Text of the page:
A man who claimed he was rejected for 59 jobs in 13 years with CalMac because of 'blacklisting' has lost his tribunal fight against the ferry operator.

James McNaughton's case was dismissed even although his CV had been logged: 'James MacNaughton – Blacklist.doc' by managers.

Mr McNaughton was successful in his first application for job but his employment was terminated on the day it started after it emerged that he didn't have the right qualifications.

He applied for another post but the offer was rescinded after the company discovered he had been convicted of an assault around the time he was due to take up the role.

The job involved dealing with the public and according to the employment tribunal papers, CalMac was concerned about any lapses in behaviour towards passengers if "things became tense" and ferries were delayed.

He applied for 58 other jobs and was turned down for all of them.



The hearing was told that Mr McNaughton sought the help of his union, Prospect and was given compensation by the firm for the "administrative error".

However, the tribunal was critical that an "experienced seaman" had accepted a job knowing he was not fully qualified for it.

CalMac bosses agreed to keep him in mind for other suitable vacancies.

He applied for a second job as an engineer but was not successful because the post was based in Gourock and applicants were required to live locally.

Emails obtained by Mr McNaughton showed that an HR Assistant brought in to assist with recruitment had written, “our friend is back”.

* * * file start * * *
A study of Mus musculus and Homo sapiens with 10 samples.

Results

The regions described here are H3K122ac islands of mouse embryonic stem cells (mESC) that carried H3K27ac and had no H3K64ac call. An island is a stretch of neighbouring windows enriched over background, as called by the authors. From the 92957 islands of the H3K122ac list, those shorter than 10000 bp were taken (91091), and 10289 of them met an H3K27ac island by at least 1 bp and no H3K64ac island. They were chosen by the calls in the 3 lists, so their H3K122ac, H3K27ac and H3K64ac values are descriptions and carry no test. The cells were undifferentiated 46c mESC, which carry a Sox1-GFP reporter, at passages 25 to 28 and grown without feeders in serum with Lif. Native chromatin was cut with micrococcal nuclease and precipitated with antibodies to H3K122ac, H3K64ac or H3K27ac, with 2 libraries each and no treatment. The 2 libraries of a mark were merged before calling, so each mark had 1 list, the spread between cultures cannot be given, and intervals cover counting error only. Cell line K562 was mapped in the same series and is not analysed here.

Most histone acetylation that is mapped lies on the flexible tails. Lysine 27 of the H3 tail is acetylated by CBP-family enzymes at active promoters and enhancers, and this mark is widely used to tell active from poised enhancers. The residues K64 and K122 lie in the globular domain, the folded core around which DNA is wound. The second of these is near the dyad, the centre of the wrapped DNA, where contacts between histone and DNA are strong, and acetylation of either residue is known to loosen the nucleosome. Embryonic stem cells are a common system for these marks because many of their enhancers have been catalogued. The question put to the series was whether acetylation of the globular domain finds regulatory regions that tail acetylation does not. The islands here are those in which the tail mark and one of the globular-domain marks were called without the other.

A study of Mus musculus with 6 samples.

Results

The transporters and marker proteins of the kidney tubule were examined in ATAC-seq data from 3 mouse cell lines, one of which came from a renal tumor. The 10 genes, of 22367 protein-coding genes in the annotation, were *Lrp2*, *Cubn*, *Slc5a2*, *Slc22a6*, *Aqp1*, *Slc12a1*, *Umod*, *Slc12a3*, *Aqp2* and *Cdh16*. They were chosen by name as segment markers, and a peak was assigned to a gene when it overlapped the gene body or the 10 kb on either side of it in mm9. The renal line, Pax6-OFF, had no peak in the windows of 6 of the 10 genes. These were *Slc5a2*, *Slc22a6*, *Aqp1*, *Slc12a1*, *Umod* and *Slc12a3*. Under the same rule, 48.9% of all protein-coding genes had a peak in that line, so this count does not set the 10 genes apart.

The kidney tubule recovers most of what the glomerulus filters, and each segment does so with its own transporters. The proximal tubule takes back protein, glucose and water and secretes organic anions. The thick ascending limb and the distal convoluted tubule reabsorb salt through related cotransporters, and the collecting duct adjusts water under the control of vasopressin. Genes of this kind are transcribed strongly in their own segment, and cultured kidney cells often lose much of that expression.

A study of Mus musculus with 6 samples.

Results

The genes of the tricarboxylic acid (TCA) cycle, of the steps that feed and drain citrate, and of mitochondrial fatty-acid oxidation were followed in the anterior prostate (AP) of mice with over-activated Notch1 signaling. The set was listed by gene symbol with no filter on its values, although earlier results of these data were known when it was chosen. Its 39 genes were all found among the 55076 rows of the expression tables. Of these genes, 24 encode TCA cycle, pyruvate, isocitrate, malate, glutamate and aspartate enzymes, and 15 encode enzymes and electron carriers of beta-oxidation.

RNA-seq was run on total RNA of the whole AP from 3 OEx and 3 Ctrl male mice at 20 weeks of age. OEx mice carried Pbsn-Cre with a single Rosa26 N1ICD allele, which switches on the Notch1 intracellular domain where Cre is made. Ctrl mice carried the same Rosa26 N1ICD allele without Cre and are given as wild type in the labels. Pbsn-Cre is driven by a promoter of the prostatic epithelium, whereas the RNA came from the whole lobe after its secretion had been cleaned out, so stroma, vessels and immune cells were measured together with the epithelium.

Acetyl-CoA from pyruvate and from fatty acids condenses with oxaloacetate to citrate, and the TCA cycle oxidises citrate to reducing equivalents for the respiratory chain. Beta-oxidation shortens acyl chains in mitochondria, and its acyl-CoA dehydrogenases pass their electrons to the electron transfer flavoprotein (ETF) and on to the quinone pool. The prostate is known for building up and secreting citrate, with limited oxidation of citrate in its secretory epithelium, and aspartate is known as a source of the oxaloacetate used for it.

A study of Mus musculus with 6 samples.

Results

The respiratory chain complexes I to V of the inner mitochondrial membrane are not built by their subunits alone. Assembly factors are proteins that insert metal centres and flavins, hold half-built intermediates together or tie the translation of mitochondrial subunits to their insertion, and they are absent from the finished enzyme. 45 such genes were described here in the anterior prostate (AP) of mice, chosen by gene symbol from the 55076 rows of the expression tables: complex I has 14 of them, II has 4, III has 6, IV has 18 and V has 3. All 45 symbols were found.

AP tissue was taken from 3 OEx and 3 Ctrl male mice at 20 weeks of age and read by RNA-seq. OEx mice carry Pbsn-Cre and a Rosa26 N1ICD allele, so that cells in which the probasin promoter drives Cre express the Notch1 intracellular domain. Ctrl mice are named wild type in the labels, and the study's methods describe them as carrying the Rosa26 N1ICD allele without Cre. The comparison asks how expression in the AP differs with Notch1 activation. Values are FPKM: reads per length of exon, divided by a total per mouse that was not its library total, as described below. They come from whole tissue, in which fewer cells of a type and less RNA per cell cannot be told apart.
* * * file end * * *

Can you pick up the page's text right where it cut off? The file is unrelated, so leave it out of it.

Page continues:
In January 2017 he was offered a job as a seasonal seaman purser in January 2017.


The claimant told the firm that the "allegations were untrue".

The job involved dealing with the public and the company believed a conviction for an offence involving aggressive and violent behaviour presented a risk in the role, which could become "tense" if for example a ferry was delayed.


The hearing was told that Mr McNaughton contacted his MSP, Kate Forbes and she had enquired why the claimant had been rejected for so many jobs.

He made a Subject Access Request (SAR) on March 24 to receive all the documents relating to his applications.

He claimed that because of making use of the services of his trade union he was branded a trouble-maker and blacklisted by the company.

CalMac accepted that a  “James MacNaughton – Blacklist.doc” existed but it was not clear who had labelled the file.

The company's HR Assistants were said to be "naïve" about the meaning of the word “blacklist”.

The tribunal accepted their version that the word had been used to denote "do not employ" because of the claimant's issues with certification and his conviction.

CalMac was said to have "healthy, mutually beneficial" relationships with the four trade unions it recognises including the RMT and Unite.

However the employment tribunal was critical that no one from the ferry operator had explained to Mr McNaughton that whilst he was free to apply for vacancies "they would not consider any application from him for any post."